Stories from Kenya – A Month to Paint, Draw, Learn and Grow

In 2014, a team of artists and I set off on a month long journey across the country of Kenya to learn, observe, share our art, paint murals, and grow.  Rooted to the land by team member Ngene Mwaura’s family and upbringing, we traveled from Kikuyu land in the north to Maasai villages in the south.  We painted three murals, drew many portraits, and listened to countless stories.  Here’s a glimpse at what we brought back home with us.

The storytellers leave the village / The storytellers brave the jungle / The storytellers meet strangers / The storytellers taste new lives / The storytellers see pains / The storytellers feel pains / The storytellers starve as they walk the plains / The storytellers brave the desert to find the oasis / The storytellers learn new songs / The storytellers teach new songs / The storytellers inspire dreams / The storytellers provoke thought / The storytellers find love / The storytellers lose love…

The storytellers are home now. The village lights the fire. Tonight is the night we waited for. Tonight, the storyteller is king. Tonight, the storyteller is king. And at the break of dawn, the storytellers are gone. To go find other stories. To find other experience. To bring you another story.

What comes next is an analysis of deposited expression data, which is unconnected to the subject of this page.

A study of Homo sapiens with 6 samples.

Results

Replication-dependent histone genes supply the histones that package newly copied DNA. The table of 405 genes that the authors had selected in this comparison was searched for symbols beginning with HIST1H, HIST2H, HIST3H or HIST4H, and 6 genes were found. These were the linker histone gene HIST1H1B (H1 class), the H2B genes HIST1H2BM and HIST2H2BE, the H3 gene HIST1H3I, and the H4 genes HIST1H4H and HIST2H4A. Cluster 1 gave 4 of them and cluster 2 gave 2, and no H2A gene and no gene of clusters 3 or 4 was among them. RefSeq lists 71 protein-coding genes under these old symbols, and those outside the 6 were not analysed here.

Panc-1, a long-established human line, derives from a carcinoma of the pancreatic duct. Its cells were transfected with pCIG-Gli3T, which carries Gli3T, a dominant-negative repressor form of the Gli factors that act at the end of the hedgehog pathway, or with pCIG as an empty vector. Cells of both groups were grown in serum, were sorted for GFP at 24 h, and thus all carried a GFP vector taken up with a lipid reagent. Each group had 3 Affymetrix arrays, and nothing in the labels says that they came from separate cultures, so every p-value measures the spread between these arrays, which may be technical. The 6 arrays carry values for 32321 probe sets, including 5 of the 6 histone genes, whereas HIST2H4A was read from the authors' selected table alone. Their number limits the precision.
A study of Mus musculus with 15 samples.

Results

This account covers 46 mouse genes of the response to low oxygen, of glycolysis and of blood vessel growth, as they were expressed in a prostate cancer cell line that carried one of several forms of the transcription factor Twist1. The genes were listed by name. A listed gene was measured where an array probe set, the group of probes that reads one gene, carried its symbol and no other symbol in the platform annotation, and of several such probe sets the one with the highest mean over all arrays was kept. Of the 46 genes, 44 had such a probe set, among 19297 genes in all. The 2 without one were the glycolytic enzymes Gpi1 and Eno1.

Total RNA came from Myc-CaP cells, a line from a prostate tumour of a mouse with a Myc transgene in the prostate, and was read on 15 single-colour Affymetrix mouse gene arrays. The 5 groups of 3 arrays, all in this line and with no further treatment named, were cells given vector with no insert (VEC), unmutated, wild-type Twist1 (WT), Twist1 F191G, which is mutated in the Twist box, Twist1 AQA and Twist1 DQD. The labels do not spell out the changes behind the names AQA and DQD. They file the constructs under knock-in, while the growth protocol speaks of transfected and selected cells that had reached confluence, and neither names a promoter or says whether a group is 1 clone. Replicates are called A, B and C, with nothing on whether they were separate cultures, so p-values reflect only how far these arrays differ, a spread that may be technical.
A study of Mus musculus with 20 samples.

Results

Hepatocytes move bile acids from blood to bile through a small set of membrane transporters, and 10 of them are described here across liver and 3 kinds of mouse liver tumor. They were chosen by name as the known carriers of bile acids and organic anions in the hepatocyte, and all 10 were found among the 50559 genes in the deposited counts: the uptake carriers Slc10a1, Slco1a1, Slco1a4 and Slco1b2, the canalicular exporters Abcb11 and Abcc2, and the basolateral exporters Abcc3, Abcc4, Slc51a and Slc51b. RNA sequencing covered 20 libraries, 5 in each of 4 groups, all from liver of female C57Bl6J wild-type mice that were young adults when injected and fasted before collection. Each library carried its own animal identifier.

– Ngene Mwaura “The Storytellers”


Our journey began in Kikuyu Town where we got to know Ngene’s family, witnessed the farming lifestyle that sustains the majority of Kenyans, interviewed people who have dedicated their lives to the land that sustains them, and enjoyed a goat roast accompanied by family and friends.




As we painted Osoit Primary School in the middle of the rural Maasai village, Namelok, children surrounded us, elders came out to honor our work, and word traveled quickly about the “muzungu” painters.

There is no other feeling like being surrounded by thirty Maasai children all gazing at you with wide brown curiosity.  The innocence and excitement that perpetuates through each of them as they gently touched my arms, face, and clothes made me perfectly still.  So at peace in this moment, the happiness they shared reflected back to them through my wide open heart.

Back in the city of Nairobi we got a taste of the blossoming art scene, met several artists and writers, attended a literary festival at the National Museum, stayed on the campus of Evelyn College of Design while painting a mural in the honor of art activist Dan Eldon, got a lesson in politics from Mike Eldon and Evelyn Mungai, and danced our butts off to the music of ever so popular Sauti Sol.